MTA ‘reinvention commission’ comes together quietly
On Wednesday, seven weeks after Governor Andrew Cuomo recommended the M.T.A. create a “reinvention commission” to tackle the challenges of “a changing world,” and to do so by September, that panel will meet for the first time.
It’s not clear who, precisely, will take part in the all-day meeting at the M.T.A.'s offices at 2 Broadway, though Cuomo, in his May 7 request to the authority he controls, specified he wanted “international transportation experts" on the panel.
As of Monday evening, the M.T.A. had denied two requests from Capital for a list of participants.
Gene Russianoff, the Straphangers Campaign's staff attorney, confirmed to Capital that he’s on the commission. Sources also confirmed the participation of Regional Plan Association president Bob Yaro and Tri-State Transportation Campaign executive director Veronica Vanterpool. Enrique Peñalosa, the former mayor of Bogotá, Colombia, and bus rapid transit evangelist, disclosed his participation on Twitter.
The commission has been charged with a weighty brief.
"We have been operating the same subway system for the last 100 years," Cuomo's letter to M.T.A. chairman Tom Prendergast reads. "The next 100 years, however, look radically different for New York. The clear evidence of a changing climate in our nation makes more major storms like Superstorm Sandy a real and present threat. Increasing population, demographic shifts and record ridership pose new challenges to operating and maintaining our existing mass transit network. ... This commission needs to fundamentally reexamine our subway system to meet these needs and expectations."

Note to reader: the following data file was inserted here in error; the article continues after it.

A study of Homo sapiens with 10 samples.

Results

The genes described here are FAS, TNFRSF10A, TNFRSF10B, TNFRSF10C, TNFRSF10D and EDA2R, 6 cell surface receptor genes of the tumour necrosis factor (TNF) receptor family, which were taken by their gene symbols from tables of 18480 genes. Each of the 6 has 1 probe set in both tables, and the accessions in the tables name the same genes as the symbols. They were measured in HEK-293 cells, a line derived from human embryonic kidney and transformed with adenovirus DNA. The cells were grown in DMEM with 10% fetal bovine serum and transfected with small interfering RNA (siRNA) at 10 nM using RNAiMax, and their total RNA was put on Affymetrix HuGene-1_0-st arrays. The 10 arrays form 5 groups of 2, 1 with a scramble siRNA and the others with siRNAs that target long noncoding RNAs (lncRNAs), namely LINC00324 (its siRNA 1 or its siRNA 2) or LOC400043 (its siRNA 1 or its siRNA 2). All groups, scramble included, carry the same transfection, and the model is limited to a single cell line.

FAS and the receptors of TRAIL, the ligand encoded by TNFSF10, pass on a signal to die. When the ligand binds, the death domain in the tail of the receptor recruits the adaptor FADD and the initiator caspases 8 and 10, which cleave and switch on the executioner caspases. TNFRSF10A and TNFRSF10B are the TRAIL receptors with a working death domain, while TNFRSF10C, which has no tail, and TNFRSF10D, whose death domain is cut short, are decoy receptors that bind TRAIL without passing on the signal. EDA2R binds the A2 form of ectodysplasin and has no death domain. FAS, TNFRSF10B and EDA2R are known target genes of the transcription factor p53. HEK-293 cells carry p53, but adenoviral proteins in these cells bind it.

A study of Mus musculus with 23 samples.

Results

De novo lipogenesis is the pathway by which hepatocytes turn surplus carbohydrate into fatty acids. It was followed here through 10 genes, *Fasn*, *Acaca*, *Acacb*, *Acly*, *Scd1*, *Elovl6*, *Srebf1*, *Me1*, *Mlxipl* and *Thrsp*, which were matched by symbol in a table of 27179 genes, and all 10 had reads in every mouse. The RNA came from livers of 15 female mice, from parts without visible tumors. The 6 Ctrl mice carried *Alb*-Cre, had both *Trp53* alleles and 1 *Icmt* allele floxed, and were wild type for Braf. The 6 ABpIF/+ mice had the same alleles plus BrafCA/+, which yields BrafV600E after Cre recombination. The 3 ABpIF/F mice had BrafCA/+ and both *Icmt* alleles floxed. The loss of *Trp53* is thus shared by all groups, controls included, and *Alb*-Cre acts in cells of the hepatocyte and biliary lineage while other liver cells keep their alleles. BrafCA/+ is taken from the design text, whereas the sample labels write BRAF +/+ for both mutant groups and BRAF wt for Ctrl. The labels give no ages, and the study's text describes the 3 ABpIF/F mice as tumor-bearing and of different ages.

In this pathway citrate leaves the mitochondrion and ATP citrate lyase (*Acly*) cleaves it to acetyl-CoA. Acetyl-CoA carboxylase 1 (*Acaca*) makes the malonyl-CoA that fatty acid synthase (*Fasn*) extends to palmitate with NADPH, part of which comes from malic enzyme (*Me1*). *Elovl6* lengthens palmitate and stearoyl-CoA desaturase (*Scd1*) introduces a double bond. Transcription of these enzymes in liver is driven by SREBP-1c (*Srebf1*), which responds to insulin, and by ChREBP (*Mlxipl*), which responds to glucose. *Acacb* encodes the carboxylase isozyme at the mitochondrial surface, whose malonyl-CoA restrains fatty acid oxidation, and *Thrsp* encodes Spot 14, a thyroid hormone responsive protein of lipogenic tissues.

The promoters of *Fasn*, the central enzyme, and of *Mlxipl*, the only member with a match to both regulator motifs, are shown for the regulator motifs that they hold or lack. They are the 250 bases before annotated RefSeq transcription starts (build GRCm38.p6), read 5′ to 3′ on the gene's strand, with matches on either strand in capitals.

In fact, the Metropolitan Transportation Authority has had a difficult few years.
Hurricane Sandy caused widespread, serious damage to the subway system, in part by swamping the tubes running beneath the East River. A Metro-North train derailed near the Spuyten Duyvil station in the Bronx, killing four passengers. An F train derailed in Woodside, Queens, trapping hundreds of passengers underground.
So far, the commission's organizers have sent Russianoff, and presumably other participants, information about subway resiliency and the system's capital needs.
"Time will tell whether this is a valuable exercise for modernizing transit or just an election-year step," Russianoff said.